Jassert (changeListenerList.isValidMessageListener());

I’ve got a system working where certain data objects are ChangeBroadcasters to notify control elements of their changes. When an element that uses it is created, it is registered with the data by adding itself as a ChangeListener.

I thought i’d be able to have the object check if it had any registered elements (is there a reason why there is no ‘getNumberOfChangeListeners()’ function?).

My main issue at the moment is that the elements automatically remove themselves as listeners from the data (as per my above assumption), but i get assertions at program close because they’re not registered (my guess because the data object has already been deleted? but then how is such a function getting called?) Is this going to be a problem for me? Continuing thru the assertions, there are no memory leaks or errors in the output.

If a broadcaster gets deleted before its listeners, that’s not normally a problem, is it? Is it a juce assertion that’s getting thrown, or one of your own?

it’s a juce assertion, the one in the topic header. I guessed that it’s not a problem if a broadcaster dies before a listener has been removed, and i also presume that in dying, listeners get removed automatically. I was just (1) confused as to how this function could be actually called if the broadcaster was in fact dead, and (2) wondering if there was anything i could do to avoid the assert. I could, of course, not remove the listener FROM the listener, especially as there is no function like the one i described earlier. I guess it doesn’t matter really.

ah, sorry, I didn’t read the topic header! That assertion’s pretty nasty because it means that removeChangeListener() is getting called after the broadcaster’s been deleted… Are your listeners keeping a pointer to the broadcaster, which would become a dangler if you delete broadcaster before the listeners?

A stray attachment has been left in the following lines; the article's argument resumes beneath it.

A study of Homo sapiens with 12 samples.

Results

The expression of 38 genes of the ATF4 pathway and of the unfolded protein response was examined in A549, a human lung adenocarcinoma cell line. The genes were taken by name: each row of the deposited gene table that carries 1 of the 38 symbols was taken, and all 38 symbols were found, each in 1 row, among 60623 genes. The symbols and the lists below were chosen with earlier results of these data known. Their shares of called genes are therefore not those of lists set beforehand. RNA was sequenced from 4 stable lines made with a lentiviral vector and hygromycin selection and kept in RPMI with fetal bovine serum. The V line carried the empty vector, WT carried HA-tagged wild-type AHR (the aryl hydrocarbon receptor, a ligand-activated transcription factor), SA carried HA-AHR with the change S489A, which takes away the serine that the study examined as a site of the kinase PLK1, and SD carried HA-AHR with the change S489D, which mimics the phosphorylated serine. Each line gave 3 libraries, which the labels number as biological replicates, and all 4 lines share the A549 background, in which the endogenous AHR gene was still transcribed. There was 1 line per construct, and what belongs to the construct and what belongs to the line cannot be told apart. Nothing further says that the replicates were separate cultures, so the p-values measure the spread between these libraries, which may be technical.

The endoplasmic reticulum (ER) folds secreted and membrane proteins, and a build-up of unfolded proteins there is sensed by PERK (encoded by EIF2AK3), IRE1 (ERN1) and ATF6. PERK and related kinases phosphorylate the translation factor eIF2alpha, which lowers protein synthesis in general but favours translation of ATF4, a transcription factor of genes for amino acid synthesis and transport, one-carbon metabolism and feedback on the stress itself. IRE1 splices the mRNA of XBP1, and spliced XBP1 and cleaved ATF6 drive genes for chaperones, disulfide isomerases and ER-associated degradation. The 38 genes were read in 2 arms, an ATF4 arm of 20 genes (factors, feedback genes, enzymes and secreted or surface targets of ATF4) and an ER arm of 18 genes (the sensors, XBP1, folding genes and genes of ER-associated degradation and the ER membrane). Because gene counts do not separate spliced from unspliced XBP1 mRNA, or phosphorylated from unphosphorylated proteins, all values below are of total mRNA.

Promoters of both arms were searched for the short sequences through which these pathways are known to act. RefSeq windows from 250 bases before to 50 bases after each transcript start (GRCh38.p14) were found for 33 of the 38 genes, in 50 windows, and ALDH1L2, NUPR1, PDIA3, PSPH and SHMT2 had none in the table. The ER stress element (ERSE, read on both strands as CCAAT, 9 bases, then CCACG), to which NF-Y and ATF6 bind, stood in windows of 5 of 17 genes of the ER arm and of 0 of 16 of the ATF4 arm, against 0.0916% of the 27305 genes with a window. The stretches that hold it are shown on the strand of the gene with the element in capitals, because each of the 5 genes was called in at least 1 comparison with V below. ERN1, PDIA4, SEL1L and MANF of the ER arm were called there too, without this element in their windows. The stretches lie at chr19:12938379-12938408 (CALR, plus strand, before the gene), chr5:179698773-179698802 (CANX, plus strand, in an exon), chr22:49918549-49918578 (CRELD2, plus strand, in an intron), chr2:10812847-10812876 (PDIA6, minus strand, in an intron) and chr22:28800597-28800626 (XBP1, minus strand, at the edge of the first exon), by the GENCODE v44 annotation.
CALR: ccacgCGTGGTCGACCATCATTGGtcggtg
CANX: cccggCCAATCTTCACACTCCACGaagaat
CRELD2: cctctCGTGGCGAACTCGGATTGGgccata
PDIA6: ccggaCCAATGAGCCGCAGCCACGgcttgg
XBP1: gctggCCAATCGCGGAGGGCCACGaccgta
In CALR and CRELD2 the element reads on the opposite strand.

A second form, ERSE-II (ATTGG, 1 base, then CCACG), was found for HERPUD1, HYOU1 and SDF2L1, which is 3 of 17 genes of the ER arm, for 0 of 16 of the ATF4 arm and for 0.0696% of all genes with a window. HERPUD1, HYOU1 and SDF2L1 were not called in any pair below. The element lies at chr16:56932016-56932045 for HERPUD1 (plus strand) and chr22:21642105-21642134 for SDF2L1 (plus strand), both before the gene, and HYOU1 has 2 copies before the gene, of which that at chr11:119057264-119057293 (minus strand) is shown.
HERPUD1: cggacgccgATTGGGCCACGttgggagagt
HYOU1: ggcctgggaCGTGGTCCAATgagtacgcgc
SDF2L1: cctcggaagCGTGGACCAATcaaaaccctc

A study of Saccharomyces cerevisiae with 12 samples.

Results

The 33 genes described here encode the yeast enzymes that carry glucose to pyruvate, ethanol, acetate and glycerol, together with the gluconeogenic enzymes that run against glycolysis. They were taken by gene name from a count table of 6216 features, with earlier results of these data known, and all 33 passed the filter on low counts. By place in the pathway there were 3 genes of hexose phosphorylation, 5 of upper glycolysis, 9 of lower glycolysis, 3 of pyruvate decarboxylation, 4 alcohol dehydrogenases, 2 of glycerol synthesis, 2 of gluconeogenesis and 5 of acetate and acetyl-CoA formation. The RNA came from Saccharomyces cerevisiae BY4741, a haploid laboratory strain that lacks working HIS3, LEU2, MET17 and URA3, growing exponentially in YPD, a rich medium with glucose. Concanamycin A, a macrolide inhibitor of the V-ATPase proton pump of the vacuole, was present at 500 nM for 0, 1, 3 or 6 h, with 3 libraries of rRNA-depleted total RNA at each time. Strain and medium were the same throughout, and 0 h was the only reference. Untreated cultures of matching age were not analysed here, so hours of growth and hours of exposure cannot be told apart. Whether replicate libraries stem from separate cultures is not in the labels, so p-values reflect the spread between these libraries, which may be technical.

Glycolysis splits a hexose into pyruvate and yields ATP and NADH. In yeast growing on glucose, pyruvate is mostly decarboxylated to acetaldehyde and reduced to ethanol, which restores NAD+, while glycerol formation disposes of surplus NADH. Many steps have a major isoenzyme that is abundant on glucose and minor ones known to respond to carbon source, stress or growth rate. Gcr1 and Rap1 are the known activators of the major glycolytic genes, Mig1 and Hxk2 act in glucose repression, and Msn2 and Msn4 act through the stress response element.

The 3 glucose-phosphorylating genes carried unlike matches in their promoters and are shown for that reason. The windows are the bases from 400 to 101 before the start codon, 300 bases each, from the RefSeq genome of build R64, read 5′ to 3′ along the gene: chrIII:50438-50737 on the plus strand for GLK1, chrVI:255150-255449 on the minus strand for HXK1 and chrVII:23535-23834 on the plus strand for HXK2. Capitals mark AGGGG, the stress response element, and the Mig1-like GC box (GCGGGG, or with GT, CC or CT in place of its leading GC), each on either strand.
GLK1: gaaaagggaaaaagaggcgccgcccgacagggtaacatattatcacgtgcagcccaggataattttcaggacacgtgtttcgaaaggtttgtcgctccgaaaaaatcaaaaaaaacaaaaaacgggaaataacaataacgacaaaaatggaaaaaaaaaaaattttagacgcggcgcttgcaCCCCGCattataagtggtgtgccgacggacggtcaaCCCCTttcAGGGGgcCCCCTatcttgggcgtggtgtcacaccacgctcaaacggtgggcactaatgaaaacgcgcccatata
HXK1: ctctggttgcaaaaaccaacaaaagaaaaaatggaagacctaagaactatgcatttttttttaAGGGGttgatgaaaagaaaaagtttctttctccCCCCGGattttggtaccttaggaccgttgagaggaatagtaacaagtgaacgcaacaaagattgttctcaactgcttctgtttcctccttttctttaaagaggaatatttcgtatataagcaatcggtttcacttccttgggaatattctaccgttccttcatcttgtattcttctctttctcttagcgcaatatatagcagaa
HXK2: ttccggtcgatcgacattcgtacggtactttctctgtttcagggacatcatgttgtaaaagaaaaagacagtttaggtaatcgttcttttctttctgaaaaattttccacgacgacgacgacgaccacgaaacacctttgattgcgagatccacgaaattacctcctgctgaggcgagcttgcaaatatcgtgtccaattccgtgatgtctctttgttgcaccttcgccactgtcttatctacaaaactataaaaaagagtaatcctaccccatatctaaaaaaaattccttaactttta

do you mean from the broadcaster?

You don’t need to know what, or how many, listeners a broadcaster has to deal with clean-up. Particularly if there is a risk of objects being deleted without interested parties being informed, that information may be meaingless anyway.

A lot of how you would deal with gracefully rolling back listeners depends on the order of destruction. Will listeners die before the broadcaster, or vice-versa. Also if a given listener has a one to one relationship with a data handler, but may need to be reassigned during the life-time of an app, you’ll probably need to have a more structured clean-up.

do you mean from the broadcaster?[/quote]

No, I do mean removing the listener (detaching it from a broadcaster) from within the listener itself [e.g. i am a listener, listening for a broadcaster, but i decide that i want to stop listening to that broadcaster for some reason].

For example, I have a ‘Style’ type, which is a kind of dynamic preset for a Component layout. When you adoptStyle() in a StyleAdopter, it takes a pointer to this ‘current’ style, but also listens to change messages from it; if the Style is altered, any StyleAdopter objects using that style will recieve change messages and be able to updateStyle().

I currently have it set to removeCurrentStyle() in the StyleAdopter destructor (which calls removeChangeListener(this) on the current style. I thought it was only polite to do so, really! I wanted to make it possible to, for example, allow a particular behaviour to occur when a style was not being used, or to be able to determine which is the most used style. I could, of course, just use some kind of counter variable. I could even forget about the ChangeListener approach and make a different kind of system, but the ChangeListeners work nicely enough.


As it happens, I’m doing something very similar with some data components in an app I’m writing for work.

What I’m doing, which is a little ugly, but at least provides a level of safety, and debugging vectors, is to have my listener class maintain a pointer to the broadcaster class.

So lets say I have a method called ‘setThingICareAbout’, I might do something like:

void setThingICareAbout(BroadcasterClass* broadcasterObject)
  if (myBroadcasterPointer != 0) myBroadcasterPointer->removeChangeListener(this);
  myBroadcasterPointer = broadcasterObject;
  if (myBroadcasterPointer != 0) myBroadcasterPointer->addChangeListener(this);

Now, as long as I call the listener’s setThingICareAbout method with 0 in the destructor of the object that previously assigned it a BroadcasterClass object, I can be sure that the application will shut down cleanly without dangling references.